File: <lygaeid.htm> [For educational purposes only] Glossary <Principal Natural Enemy Groups > <Citations> <Home>

 

HEMIPTERA, Lygaeidae (Schilling 1829) -- <Images> & <Juveniles>

 

Description

 

The subfamily Rhyparochrominae has been regarded as principally predaceous. Adults and nymphs of Geocoris punctipes Say are common predators on European red mite, Paratetranychus pilosus C. & F., on cotton in the southern United States (McGregor & McDonough 1917). The nymphs consume ca. 1,600 red spiders during their development, and adults account for ca. 80 per day. Eggs are laid singly among the hosts, and the life cycle from egg to adult is ca. 30 days. In Fiji, Germalus pacificus Banks is regarded as an important natural enemy of the fruit fly, Chaetodacus passiflorae Frogg. Nymphs and adults suck the contents of the eggs, which are embedded in the fruit rind (Clausen 1940/1962).

 

There are about 22 genera, and include the insects that are known as chinch bugs, milkweed bugs, and also some seed bugs. Most species feed on seeds, although some are predators of other insects. There are also sap feeders (mucivory), and others that are hematophagous (blood-sucking).

 

Lygaeidae is a large cosmopolitan family with more than 2,050 species described species as of 1993. Diagnostic characters include a forewing membrane with only 4-5 simple veins, 4-segmented antennae and rostrum, 3-segmented tarsi, there are pulvilli present, and the ocelli are ususally present. Most are dull colored and of 3-15 mm. in size.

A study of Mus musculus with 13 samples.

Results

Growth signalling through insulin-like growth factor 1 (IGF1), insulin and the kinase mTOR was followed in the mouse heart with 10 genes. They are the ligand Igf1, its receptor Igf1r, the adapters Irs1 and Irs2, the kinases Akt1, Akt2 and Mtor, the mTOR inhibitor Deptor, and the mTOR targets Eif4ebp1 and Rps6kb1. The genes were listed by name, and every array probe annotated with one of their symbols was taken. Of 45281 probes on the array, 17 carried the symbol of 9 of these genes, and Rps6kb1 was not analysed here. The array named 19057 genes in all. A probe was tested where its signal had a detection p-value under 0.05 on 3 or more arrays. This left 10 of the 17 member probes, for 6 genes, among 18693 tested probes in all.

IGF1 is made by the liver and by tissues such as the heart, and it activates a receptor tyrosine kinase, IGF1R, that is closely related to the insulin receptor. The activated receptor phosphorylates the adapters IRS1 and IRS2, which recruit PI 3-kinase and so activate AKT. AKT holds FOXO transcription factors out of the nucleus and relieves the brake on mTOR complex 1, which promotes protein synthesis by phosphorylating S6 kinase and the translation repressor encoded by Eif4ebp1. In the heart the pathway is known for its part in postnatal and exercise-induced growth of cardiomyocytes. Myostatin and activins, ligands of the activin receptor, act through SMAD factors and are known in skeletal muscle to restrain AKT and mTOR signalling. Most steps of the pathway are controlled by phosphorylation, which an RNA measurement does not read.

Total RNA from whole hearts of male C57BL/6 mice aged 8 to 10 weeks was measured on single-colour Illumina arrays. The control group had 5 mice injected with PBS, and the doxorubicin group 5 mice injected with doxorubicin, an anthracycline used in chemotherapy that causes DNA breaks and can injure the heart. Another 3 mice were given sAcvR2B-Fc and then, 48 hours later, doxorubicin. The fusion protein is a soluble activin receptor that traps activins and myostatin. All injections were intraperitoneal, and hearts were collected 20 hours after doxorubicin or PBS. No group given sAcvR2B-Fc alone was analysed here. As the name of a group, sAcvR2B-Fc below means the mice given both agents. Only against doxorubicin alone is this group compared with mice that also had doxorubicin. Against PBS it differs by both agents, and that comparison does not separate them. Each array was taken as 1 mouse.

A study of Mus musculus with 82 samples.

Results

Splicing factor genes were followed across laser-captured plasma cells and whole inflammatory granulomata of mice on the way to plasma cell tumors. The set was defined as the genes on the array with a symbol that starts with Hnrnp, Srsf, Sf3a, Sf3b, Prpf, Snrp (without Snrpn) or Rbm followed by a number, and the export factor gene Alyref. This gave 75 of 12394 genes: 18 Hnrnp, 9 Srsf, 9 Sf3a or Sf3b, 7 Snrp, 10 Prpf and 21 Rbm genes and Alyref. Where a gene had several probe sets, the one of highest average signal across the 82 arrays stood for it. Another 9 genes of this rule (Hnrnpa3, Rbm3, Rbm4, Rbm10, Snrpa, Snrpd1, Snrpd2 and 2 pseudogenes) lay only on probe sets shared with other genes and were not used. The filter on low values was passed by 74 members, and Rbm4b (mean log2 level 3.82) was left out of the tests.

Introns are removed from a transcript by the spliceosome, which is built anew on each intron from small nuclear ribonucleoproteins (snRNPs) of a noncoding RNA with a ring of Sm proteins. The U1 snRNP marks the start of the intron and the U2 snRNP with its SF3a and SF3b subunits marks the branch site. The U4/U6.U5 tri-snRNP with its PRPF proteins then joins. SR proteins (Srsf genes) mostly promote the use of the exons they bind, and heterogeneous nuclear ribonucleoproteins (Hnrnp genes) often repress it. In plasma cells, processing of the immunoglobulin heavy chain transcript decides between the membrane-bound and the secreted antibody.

Most species are phytophagous, but some in the subfamily Geocorinae, the "big-eyed bugs," are facultative predators with a wide host range that includes phytophagous insect. There are Myrmecophilous, coprophagous, and saprophagous, but the seed-feeding species outnumber other types. They are not used in biological pest control directly, but some Geocoris spp. are considered important to the agroecosystem.

 

References: Please refer to <biology.ref.htm>, [Additional references may be found at: MELVYL Library]

 

Grimaldi, D. A. & Michael S. Engel (2007). "An unusual, primitive Piesmatidae (Insecta: Heteroptera) in Cretaceous amber from Myanmar (Burma)" (PDF). American Museum Novitates 3611: 117

 

Miller, N. C. E. 1971. The Biology of the Heteroptera. E. W. Classey Ltd., Hampton Middlesex, England. 206 p.

 

van Duzee, E. P. 1917. Catalogue of the Hemiptera of America North of Mexico, Excepting the Aphididae, Coccidae and Aleurodidae. Univ. Calif. Publ., Tech. Bull. Ent. II. 902 p.